Marking day to prevent suicide, UN stresses that people of all ages can be at risk
According to the UN World Health Organization (WHO), 3,000 people kill themselves every day, and for every person who commits suicide, 20 or more may attempt it.
Statistics also show that in adults, suicide is a leading cause of death, accounting for more deaths than those resulting from wars and homicide. In short, “more human beings kill themselves than kill others each year,” said Brian Mishara, President of the International Association for Suicide Prevention (IASP), which has partnered with WHO to improve national responses to prevent suicide.
To raise awareness that suicide takes place across all people of all ages – children, adolescents, adults and the elderly – the theme of this year’s Day is “Suicide prevention across the Life Span.”
While progress has been made in curbing suicides among youth worldwide, suicide rates among young adolescents under the age of 15 have surged while the elderly rate remains high, especially among men in developed countries, Dr. Mishara told reporters in New York.
Addressing suicide among the elderly poses challenges, including “prejudices on the part of people in the health-care profession and other who feel that it’s normal to be unhappy, depressed or feeling down when you’re older,” he said.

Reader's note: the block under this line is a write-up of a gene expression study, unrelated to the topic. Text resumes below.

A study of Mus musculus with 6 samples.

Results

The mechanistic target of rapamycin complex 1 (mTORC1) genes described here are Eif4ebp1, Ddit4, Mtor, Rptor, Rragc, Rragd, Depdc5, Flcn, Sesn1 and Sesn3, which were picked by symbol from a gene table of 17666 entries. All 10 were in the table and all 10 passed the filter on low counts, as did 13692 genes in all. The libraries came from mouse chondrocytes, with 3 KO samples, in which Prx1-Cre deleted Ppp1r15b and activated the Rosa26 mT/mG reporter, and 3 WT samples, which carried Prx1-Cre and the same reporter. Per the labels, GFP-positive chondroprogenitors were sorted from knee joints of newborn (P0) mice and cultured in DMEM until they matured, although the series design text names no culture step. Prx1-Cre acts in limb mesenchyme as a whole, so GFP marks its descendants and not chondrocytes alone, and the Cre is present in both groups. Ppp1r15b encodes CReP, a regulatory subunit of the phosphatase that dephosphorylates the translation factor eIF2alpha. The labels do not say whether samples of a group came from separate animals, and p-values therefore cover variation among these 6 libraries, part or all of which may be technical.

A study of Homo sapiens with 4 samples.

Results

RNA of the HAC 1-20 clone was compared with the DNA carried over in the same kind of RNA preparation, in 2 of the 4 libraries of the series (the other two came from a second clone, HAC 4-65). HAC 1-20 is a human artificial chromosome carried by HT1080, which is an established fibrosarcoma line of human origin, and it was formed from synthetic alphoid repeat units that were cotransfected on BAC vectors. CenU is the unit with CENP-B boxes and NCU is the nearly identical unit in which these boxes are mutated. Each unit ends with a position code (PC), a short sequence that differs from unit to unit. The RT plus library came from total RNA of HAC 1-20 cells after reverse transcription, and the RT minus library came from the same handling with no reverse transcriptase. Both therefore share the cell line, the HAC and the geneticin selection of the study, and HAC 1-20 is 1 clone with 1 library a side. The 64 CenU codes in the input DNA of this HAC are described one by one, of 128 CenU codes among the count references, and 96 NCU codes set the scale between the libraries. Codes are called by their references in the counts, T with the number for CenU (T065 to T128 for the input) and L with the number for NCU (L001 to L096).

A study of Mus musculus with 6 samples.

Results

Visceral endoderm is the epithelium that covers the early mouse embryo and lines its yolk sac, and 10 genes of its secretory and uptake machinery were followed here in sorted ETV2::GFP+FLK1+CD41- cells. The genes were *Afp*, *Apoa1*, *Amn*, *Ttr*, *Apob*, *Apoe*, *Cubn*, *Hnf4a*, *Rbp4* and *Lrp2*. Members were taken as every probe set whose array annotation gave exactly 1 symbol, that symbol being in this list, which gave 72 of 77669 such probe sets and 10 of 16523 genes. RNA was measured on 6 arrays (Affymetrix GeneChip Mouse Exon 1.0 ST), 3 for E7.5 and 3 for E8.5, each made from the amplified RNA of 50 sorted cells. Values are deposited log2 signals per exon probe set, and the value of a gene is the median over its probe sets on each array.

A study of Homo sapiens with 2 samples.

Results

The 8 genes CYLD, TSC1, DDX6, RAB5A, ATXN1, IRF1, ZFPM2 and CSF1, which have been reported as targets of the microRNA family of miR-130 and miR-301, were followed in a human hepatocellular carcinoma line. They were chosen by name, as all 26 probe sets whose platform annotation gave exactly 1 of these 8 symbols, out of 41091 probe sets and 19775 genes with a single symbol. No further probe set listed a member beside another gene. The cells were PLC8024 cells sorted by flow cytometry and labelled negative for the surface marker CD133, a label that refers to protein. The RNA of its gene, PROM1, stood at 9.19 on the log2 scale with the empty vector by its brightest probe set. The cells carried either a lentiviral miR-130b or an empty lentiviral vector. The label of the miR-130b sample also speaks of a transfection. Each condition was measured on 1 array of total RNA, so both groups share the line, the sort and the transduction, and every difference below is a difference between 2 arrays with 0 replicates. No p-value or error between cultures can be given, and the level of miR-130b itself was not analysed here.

“There’s phenomenal potential for preventing suicide among the elderly but generally very little attention is given to them,” but research shows that the elderly respond as well or better than other age groups to psychotherapy, Dr. Mishara noted.
Although suicide among children under the age of 15 does not account for a large proportion of all suicides, suicide among people between the ages of 15 and 24 is still a leading cause of death in young people in many countries.
Treating mental health problems is a significant component of preventing suicides, but Dr. Mishara pointed out that globally, one of the largest challenges faced is encouraging men – who commit suicide at a higher rate than women in many nations – to seek help for their problems. “They call less frequently to telephone helplines, they consult their family physicians less often for mental health problems and they less frequently go into psychotherapy and seek help from physicians,” he said.
In a joint press release, WHO and IASP called for a comprehensive approach – incorporating the education, labour, police, justice, religious, legal, political and media sectors – to promote effective suicide prevention.
“Fortunately, suicide is not an inevitable burden that must be accepted by society,” the agencies said.